May 11, 2018, on FAQs |

The short answer to the question is no. Estate planning is very much different from writing a will, though a will can be used as a tool to manage your estate.

An estate is your property and assets, including any land you own, bank accounts, insurance policies, stocks, and personal property, such as your jewelry, your books, or your clothing. Estate planning is the process of determining what happens to your property and assets after you die or become incapacitated.

Having an estate plan is something people don’t really think about, in part because it’s generally uncomfortable to ask questions about what happens to your property or your family after you pass. But having a plan in place to care for your loved ones, your young children or making sure that your assets are distributed and used the way you want is important not just to your family, but also for your legacy.

In determining what sort of estate plan is right for you, you should consider the size of your family and the ages of your family members, how large your estate is, whether privacy is important for you, whether you have family members with special needs that require special consideration, or even whether you’d like any of your assets to go to a charity after you die. Working with a knowledgeable Fairfax estate planning attorney can help you ensure a smooth transition for your family.

While there are many aspects to estate planning, common and crucial tools used in estate plans are wills and trusts.


A will is a legal document that specifies how an individual wants his or her estate to be distributed upon that person’s death and who that individual wants to distribute his or her estate (the executor). You can also name guardians for children or instruct how debts and taxes should be paid.

Upon a person’s passing, a will is submitted to probate, which is a court-proceeding where the property of the person who passed (the decedent) is distributed, debts are paid off, and any other provisions in the will are addressed. When your will is submitted to probate, it becomes a public document. It is important to note that just because you have a will, it does not mean you will be able to avoid probate.

In Virginia, there is no special probate court, and the process of probate is handled in the circuit court of the city or county where the decedent lived. If you were to die without a will (intestate) or without an estate plan, then the laws of the Commonwealth of Virginia would determine who your heirs are and thus determine who would receive your property.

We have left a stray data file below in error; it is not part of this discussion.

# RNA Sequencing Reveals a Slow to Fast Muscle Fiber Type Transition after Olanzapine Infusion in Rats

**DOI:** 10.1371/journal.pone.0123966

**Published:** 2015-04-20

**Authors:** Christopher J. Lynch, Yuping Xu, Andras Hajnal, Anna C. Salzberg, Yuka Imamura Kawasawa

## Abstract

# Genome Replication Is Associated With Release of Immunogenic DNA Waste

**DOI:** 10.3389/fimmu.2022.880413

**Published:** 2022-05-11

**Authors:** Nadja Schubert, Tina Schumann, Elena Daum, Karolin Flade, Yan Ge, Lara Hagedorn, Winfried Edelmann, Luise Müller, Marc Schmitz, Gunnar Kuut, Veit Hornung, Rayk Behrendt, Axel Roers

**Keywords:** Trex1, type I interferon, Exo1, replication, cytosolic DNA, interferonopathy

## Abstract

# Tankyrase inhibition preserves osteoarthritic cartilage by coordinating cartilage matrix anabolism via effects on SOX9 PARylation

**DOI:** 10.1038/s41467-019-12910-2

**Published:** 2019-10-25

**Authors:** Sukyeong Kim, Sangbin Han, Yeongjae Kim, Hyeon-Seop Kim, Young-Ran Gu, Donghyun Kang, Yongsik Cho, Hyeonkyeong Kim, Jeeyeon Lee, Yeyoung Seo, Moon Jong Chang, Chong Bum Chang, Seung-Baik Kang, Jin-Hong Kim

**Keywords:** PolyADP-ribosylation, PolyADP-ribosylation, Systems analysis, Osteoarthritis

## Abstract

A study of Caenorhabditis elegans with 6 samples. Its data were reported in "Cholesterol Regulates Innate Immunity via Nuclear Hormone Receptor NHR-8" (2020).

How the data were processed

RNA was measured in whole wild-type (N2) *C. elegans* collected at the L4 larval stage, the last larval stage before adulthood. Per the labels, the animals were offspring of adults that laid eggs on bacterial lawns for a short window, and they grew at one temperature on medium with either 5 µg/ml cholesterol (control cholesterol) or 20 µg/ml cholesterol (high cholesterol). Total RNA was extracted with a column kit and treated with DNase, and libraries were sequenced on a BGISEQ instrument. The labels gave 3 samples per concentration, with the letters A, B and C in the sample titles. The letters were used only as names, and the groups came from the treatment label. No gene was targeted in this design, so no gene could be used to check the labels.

With or without a will, the probate process can be long and expensive, taking up to 24 months and costing potentially thousands of dollars in court filing fees and accounting expenses.


A trust is a document that specifies how the property held by one person (the trustee) is for the benefit of another (the beneficiary). Trusts can be created during an individual’s life or after his or her passing. Property passed through trusts do not go through probate, which means the costs and expenses of probate can be avoided and your trust documents will remain private.

Trusts may also be revocable, meaning you can easily change the document as you please, though this is also a relatively simple process with wills. However, unlike a will, you cannot name guardians for your children or instruct how debts or taxes should be paid. Also, trusts are not as simple to create as wills. They are not complex by law, but because a trust takes into account the trustee’s duties, any conditions for the beneficiary, or other provisions you want to consider, it’s best to work with an estate planning attorney to make sure your trust is crafted to ensure your needs and wants are properly addressed.

Speak With a Fairfax Estate Planning Attorney As Soon As Possible

Thinking about what happens to your estate after you pass or become incapacitated can be overwhelming. It is important to work closely with an estate planning lawyer who will understand your personalized needs and can create a will or trust that best fits your desires. If you live in the Fairfax, Virginia area, you should contact an estate planning attorney to help you see the forest through the trees.

Contact Fairfax estate planning attorney Rhonda Miller today to learn more about what estate plan is best for you and how I can help.